Friday, April 22, 2011

The White Tower of Ramla

The small town of Ramla (Ramleh) in central Israel, is known for its colorful market, the grave of a british soldier with the name of ... Harry Potter , archeological sites, and the White Tower - identified as World Heritage site by UNESCO.

I was at my cousin Racheli's place which is about fifteen minutes drive from Ramleh. She offered to take me to the White Tower.
It was morning, fine weather, empty roads, scarcely a soul outside, as people were still sleeping after the long ceremony of Seder Night (first night of the jewish Passover). The parking lot near the tower and the adjacent muslim cemetery, was empty too. Complete silence. disturbed only by our steps and voices. There was no one there we could ask specific questions about the historical place. All we could do was to contemplate it.

the White Tower

The White Tower ( a square Gothic structure also known as the Ramla Tower) was built in the 13th century on the ruins of an earlier tower. It is six-stories high with a spiral staircase of 119 steps. Like with any high tower, its top offers great views of the surrounding area.
The tower is significant both to muslims and to christians. It used to serve as a minaret of the White Mosque (the remains of which are surrounding the exterior of the tower), and as a strategic military lookout.

lovely tall tree among graves

pavement bordering the tower area

We started our tour with the White Tower in Ramla, and ended it with a visit to some nice rural settlements (moshavim) located near the neighboring city of Rechovot (center of Science). About Rechovot - in a future post, I hope.

Saturday, April 2, 2011

Small but Great

The urban environment has many small elements (both natural and man-made) that make it look closer to Nature and/ or friendlier to people. When I'm outdoors, it is these small elements that draw my attention and make me want to use my point-and-shoot little camera to capture and save them.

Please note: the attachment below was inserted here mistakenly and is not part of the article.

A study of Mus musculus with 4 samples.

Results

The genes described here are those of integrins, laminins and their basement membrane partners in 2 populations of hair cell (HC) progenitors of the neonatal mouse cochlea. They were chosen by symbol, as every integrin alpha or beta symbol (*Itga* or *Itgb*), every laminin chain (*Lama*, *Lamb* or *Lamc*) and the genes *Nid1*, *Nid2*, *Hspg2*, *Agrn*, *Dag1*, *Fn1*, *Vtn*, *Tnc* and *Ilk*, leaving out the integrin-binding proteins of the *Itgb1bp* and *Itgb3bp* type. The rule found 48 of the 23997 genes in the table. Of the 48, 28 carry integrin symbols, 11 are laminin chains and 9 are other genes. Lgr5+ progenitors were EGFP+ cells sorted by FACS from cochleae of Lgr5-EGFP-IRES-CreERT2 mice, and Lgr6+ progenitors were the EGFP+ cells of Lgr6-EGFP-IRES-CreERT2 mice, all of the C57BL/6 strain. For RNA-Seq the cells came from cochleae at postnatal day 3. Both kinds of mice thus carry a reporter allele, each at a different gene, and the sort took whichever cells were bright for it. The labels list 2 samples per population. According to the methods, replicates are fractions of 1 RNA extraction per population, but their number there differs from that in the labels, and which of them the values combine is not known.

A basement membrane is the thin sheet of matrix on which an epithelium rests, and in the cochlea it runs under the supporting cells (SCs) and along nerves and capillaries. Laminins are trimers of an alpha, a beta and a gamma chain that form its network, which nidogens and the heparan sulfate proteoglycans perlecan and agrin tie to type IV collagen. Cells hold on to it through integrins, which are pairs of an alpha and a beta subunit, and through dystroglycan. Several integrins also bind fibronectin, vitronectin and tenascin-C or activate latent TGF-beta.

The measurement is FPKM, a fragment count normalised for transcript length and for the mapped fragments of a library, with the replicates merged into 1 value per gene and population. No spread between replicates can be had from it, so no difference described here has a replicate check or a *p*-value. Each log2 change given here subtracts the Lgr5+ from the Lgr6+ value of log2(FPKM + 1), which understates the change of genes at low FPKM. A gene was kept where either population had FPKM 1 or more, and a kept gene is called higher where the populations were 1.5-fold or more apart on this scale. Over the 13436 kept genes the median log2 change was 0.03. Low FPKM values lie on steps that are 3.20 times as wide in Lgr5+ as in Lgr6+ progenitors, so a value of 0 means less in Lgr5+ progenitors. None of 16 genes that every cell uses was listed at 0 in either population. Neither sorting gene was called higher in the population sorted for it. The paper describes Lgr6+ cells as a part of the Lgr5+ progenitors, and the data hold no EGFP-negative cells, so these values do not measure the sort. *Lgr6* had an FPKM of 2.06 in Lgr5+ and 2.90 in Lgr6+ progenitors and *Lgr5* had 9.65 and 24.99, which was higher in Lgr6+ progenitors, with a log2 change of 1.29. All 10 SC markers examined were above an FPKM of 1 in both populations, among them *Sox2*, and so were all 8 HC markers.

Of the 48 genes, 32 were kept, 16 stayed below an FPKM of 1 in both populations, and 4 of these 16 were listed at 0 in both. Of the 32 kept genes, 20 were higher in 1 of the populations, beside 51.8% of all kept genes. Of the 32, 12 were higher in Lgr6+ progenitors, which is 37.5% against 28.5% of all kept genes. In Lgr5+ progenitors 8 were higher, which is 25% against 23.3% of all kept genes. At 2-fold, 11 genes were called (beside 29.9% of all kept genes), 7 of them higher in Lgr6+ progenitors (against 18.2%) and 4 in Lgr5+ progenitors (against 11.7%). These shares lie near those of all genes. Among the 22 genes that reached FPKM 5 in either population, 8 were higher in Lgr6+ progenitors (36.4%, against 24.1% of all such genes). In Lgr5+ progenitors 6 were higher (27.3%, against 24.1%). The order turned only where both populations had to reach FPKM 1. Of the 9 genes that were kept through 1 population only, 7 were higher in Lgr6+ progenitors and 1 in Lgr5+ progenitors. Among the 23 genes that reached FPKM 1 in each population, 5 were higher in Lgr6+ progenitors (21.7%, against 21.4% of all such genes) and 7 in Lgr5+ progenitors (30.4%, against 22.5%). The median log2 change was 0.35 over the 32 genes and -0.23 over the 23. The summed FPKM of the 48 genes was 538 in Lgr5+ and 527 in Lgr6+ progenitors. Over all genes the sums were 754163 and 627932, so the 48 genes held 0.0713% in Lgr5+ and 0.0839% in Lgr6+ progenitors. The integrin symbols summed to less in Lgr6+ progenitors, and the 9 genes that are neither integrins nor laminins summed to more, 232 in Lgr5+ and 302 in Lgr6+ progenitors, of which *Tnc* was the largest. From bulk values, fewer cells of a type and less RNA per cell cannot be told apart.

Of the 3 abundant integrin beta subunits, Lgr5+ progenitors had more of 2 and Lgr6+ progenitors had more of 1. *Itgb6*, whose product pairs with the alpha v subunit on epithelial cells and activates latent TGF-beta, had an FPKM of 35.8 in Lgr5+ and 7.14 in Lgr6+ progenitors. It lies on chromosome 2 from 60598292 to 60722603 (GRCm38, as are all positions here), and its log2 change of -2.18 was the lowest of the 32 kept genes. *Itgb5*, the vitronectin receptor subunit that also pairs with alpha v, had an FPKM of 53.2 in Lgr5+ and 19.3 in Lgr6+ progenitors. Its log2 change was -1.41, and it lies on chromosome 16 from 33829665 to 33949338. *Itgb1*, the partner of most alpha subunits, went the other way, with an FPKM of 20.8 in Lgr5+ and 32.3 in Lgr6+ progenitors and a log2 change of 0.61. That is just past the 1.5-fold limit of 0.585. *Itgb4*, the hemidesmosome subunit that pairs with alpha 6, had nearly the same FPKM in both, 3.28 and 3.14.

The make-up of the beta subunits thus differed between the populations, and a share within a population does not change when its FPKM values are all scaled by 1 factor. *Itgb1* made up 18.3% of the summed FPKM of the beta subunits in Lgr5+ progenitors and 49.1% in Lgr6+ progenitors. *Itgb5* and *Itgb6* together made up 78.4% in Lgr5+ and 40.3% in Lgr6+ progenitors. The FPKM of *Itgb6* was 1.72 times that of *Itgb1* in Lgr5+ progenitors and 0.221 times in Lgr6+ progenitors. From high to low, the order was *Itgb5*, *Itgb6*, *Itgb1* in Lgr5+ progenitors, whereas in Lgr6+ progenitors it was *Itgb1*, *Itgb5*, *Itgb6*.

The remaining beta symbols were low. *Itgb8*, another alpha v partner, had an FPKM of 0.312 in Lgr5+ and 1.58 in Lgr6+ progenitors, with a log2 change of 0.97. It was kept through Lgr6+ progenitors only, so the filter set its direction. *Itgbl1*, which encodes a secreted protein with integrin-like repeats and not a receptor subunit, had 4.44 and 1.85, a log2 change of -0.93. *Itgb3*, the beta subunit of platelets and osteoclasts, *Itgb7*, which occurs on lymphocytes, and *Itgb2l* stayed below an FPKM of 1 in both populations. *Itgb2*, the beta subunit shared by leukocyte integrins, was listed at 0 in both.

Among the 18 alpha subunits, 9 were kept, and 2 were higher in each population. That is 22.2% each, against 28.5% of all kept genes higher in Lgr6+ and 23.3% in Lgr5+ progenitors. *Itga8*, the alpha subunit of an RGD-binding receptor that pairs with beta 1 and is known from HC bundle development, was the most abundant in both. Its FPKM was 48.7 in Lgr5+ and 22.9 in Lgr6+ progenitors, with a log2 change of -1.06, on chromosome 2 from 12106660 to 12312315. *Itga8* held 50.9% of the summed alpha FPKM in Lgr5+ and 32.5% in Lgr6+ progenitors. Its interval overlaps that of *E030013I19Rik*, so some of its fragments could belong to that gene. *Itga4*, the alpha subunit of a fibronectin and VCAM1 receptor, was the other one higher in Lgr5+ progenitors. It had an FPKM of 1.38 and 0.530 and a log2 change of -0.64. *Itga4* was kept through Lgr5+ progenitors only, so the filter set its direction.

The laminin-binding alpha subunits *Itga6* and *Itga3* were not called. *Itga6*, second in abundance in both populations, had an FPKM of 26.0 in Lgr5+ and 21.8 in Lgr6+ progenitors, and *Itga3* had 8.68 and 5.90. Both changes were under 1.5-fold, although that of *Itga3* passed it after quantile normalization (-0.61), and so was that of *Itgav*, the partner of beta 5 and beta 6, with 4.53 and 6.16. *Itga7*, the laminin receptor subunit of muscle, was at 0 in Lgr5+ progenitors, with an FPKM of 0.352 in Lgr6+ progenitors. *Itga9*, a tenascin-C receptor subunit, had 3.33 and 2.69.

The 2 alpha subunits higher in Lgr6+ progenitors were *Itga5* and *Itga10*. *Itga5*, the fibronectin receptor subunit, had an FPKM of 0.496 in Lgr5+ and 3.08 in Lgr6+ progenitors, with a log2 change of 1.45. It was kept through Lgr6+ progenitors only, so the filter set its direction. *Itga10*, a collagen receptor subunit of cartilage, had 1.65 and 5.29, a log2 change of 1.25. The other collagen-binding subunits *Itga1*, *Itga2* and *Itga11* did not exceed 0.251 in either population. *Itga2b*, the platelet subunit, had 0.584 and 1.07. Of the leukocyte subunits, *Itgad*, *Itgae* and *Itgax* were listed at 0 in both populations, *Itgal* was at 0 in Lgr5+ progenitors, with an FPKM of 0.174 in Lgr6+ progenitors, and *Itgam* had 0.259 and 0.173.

I'm not referring here to parks , the 'green lungs' - which are, of course, the pride of every city and its municipality, but to the small public patches of green, to front and back house gardens, to tiles in the pavement, street lamps (like in the above picture), benches, public-phone roofs, stone statues...; the list is endless. Here are a few samples of what I mean by 'small elements' in the urban landscape:

Puddle, surrounded by some trees and weeds. A remnant of the last rains of winter. A natural 'relief' which borders the end of a long busy street, and the beginning of another long, busy street . A puddle is usually a dirty, muddy little pool of water; this one is rather clean with defined margins, and at midday, I guess the sun 's rays are reflected in it. Nice sight enjoyed by both, pedestrians and people in the passing cars !

Right there on the extended pavement, by the urban road with a pedestrian crossing - several wooden benches in a semicircle to the grassy , round spot with two trees. In the background, a green mound with trees on it. Charming little place offering some rest and relaxation to the city dweller.

Bycicle- path painted sign. I like the addition of adult and child to the symbol of bycicle. It softens the look of the sign and yet makes its message more powerful: no motor traffic here, bycicle riders and pedestrians only!

A juice booth selling natural, fresh fruit & vegetable juice is a must in the crowded, poluted city. Have you ever drunk wheatgrass juice? Me neither. That's what the young woman with the bycicle has ordered. Wheatgrass juice, by the way, is supposed to have many curative properties. Well, my favorite juice is pomelo (a kind of grapefruit) juice.